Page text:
Trevor Wilkinson today recorded some breeding wildfowl: 4 adult and 8 young Canada Geese, 29 Coot (with 1 chick), and adult Mallard with 4 ducklings and a pair of Mute Swans with 4 cygnets on the small pools to the south of the main lakes. In all there were 22 Mute Swans present, as well as 20+ Tufted Ducks and 17 Great Crested Grebes. There was also a juvenile Pied Wagtail.
He also encountered 2 Black-tailed Skimmers (dragonfly) and even bothered to count 3 Rabbits.
The ringing nets were fairly lively – 15 new birds and 7 re-traps – but not with Reed Warblers, with not a single one caught. The first juvenile Reed Bunting appeared and there were plenty of Robins (Terry Elborn).
Quiet, but there was 1 late Common Tern around (Chris Parnell).
The third Constant Effort Site ringing was fairly good. After a virtual no-show up to now, Reed Warblers began to appear (3 new, 1 re-trap) and there were juveniles of both Blackcap and Whitethroat. During the ringing a Tawny Owl was calling from Emily’s Wood and there was also a vocal Hobby.
Sadly, a dead Badger cub was found on the path by the ringing nets and a Fox was around (Terry Elborn).
Fairly quiet at Longham Lakes this am with best sightings Hobby and Common Tern (George Green).
A long session checking the site for some bat-boxes that had been put up in previous years was hard work and revealed precisely zero bats. However, two boxes put up for Dormice did have some resident Wood Mice. A mixed blessing was seeing an American Mink on the Stour.
A Peregrine flew over (Terry Elborn). There was also a juvenile Kingfisher, suggesting that the species has successfully bred here this year.
Ringing this morning produced a decent crop of birds, including 2 Kingfishers and a re-trapped Cetti’s Warbler (above).
There were 9 Greylags and 2 Egyptian Geese on Hampreston Fields (Robin Trundle).
An Oystercatcher flew over south in the early morning (06.05), as did a small flock (5 birds) of Greylag Geese at 07.00. Meanwhile, a Cuckoo and a Cetti’s Warbler were loudly singing at times during the second CES ringing of the year. This was a better session than last week, with 12 new birds ringed and 8 re-traps. 4 of the new birds were Song Thrushes and 4 were Robins, three of them juveniles. Other species trapped were Reed Bunting, Reed Warbler, Whitethroat, Blackbird and Dunnock.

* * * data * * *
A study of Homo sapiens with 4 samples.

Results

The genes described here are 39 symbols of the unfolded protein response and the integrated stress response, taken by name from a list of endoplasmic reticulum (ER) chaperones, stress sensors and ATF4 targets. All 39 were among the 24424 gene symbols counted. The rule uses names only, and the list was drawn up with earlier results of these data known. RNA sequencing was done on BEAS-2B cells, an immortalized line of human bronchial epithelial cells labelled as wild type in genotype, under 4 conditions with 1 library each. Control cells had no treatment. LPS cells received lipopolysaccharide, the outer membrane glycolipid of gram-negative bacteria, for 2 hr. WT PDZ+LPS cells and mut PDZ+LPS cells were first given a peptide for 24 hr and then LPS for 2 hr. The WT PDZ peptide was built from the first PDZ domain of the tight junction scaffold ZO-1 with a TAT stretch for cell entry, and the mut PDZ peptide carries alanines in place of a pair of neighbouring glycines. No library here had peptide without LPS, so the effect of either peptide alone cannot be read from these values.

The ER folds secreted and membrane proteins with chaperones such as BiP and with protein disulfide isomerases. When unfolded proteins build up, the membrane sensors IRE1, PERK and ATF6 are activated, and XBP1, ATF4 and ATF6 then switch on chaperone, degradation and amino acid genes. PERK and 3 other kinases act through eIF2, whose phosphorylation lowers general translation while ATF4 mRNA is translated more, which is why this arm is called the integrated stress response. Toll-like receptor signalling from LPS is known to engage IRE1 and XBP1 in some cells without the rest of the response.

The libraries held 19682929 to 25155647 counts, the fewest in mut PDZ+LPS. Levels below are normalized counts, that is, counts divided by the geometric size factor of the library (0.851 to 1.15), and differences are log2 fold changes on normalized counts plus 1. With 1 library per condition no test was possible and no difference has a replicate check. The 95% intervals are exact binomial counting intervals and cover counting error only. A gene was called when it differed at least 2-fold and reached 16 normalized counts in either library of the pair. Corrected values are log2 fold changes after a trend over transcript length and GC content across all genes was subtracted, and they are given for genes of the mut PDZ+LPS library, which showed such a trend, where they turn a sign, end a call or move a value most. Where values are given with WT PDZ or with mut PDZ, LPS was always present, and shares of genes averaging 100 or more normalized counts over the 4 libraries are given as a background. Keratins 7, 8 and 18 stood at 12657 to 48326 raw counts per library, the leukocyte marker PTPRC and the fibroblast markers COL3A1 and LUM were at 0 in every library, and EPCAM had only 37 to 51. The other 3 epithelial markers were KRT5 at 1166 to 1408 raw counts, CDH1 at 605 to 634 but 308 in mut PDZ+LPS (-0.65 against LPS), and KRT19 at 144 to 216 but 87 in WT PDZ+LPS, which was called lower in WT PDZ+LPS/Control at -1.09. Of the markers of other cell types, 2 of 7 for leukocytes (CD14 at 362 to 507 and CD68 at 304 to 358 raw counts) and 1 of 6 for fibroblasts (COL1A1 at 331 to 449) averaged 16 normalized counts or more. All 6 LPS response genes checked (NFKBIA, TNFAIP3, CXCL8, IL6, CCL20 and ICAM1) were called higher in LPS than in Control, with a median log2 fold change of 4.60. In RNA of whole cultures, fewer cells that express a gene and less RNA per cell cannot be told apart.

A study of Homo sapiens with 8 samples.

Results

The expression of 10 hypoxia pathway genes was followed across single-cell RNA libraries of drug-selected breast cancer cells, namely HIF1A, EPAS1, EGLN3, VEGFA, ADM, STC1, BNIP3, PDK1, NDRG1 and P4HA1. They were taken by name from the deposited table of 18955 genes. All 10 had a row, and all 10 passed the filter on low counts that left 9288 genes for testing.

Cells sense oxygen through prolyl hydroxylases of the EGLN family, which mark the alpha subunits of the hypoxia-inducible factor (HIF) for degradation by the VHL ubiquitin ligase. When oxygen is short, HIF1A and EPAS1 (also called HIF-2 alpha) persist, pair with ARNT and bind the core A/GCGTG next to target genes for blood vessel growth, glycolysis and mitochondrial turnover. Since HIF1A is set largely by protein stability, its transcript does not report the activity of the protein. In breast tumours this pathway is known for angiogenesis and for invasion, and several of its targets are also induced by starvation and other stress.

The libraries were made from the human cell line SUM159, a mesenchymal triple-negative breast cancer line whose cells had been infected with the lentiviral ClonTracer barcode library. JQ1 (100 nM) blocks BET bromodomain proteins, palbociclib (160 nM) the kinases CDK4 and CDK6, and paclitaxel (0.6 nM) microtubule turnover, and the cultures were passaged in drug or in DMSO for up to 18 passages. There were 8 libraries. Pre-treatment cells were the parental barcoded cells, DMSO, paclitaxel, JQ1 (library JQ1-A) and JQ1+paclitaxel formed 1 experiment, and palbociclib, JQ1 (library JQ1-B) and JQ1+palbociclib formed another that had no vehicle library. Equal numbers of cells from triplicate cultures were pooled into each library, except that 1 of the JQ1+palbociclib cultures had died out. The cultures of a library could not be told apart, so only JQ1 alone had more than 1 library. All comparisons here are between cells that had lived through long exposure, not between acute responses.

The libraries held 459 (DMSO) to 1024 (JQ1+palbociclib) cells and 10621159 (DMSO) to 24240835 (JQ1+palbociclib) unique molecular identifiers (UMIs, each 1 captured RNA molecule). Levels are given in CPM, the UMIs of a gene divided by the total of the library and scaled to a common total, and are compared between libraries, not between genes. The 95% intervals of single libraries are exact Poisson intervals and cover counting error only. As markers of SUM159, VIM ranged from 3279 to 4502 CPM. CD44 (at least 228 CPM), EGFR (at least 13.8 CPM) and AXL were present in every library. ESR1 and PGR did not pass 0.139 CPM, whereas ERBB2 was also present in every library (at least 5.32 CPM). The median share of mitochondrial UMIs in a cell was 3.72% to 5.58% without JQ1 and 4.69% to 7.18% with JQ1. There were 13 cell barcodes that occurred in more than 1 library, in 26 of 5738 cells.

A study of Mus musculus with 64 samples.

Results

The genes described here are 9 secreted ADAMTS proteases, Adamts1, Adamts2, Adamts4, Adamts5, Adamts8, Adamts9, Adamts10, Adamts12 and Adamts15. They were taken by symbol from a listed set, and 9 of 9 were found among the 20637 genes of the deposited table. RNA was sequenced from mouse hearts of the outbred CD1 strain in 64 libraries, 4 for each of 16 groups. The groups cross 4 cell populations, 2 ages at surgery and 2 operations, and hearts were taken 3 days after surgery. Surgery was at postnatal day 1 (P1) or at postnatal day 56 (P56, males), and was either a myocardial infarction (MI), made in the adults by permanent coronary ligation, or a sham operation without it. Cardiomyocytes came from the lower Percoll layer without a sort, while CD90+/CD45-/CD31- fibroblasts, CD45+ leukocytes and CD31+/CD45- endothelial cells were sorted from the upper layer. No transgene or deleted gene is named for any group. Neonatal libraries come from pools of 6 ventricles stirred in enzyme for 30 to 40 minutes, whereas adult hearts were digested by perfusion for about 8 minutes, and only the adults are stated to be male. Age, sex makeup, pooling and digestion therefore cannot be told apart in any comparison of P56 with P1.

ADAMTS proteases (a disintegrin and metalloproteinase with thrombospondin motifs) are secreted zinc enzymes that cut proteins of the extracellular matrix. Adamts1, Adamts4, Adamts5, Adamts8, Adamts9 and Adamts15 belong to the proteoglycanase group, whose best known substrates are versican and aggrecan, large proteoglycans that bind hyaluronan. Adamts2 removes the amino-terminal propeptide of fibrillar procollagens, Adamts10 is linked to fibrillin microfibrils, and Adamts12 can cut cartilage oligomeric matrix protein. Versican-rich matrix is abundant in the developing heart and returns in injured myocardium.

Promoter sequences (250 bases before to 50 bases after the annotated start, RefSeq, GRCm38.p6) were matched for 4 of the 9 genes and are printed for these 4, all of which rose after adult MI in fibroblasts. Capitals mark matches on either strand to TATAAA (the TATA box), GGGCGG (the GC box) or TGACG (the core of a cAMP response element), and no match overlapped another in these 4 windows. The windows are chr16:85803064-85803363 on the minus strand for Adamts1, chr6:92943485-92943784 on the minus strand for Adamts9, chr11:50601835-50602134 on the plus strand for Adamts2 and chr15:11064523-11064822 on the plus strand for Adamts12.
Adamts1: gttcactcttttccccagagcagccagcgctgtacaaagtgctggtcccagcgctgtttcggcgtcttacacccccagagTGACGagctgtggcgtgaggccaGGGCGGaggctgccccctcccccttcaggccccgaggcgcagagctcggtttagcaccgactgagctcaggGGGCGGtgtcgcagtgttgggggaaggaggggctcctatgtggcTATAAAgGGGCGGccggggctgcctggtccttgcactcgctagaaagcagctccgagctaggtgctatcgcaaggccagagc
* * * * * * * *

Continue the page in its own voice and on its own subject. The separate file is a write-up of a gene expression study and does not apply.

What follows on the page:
A Sandwich Tern appeared in the morning (Alan Pearce). A 1st summer Little Gull was briefly seen feeding over Longham Reservoir South. A Hobby put in a brief appearance as it chased Swifts (George Green).
First mammal-trapping of the year near the Settling Marsh. 5 traps set, five mammals: 4 Wood Mice and 1 Bank Vole (below).
One trap was empty, yet bizarrely, one contained 2 Wood Mice together. Had they been males, it could have been ugly. I’ve never caught 2 rodents in one mammal trap before!
Just as well the mammals were good, because the first constant effort site (CES) ringing was disappointing. A Bullfinch was the highlight. A Cuckoo was singing in the distance.
Garganey pair still around (George Green, Martin Wood), plus an influx of Swifts, 2 Common Sandpipers, the first singing Garden Warbler of the year and 1 Redshank over.
Grey Wagtail again by the Water Works, Cetti’s Warbler singing from the Settling Marsh (new territory this year) and lots of Reed Buntings and Blackcaps singing (Roger Peart).
Martin Wood recorded 3 Great Crested Grebes, some Mallards with ducklings and various summer migrants, including House and Sand Martin and Reed Warblers. Also 1 Greylag Goose in Hampreston Fields.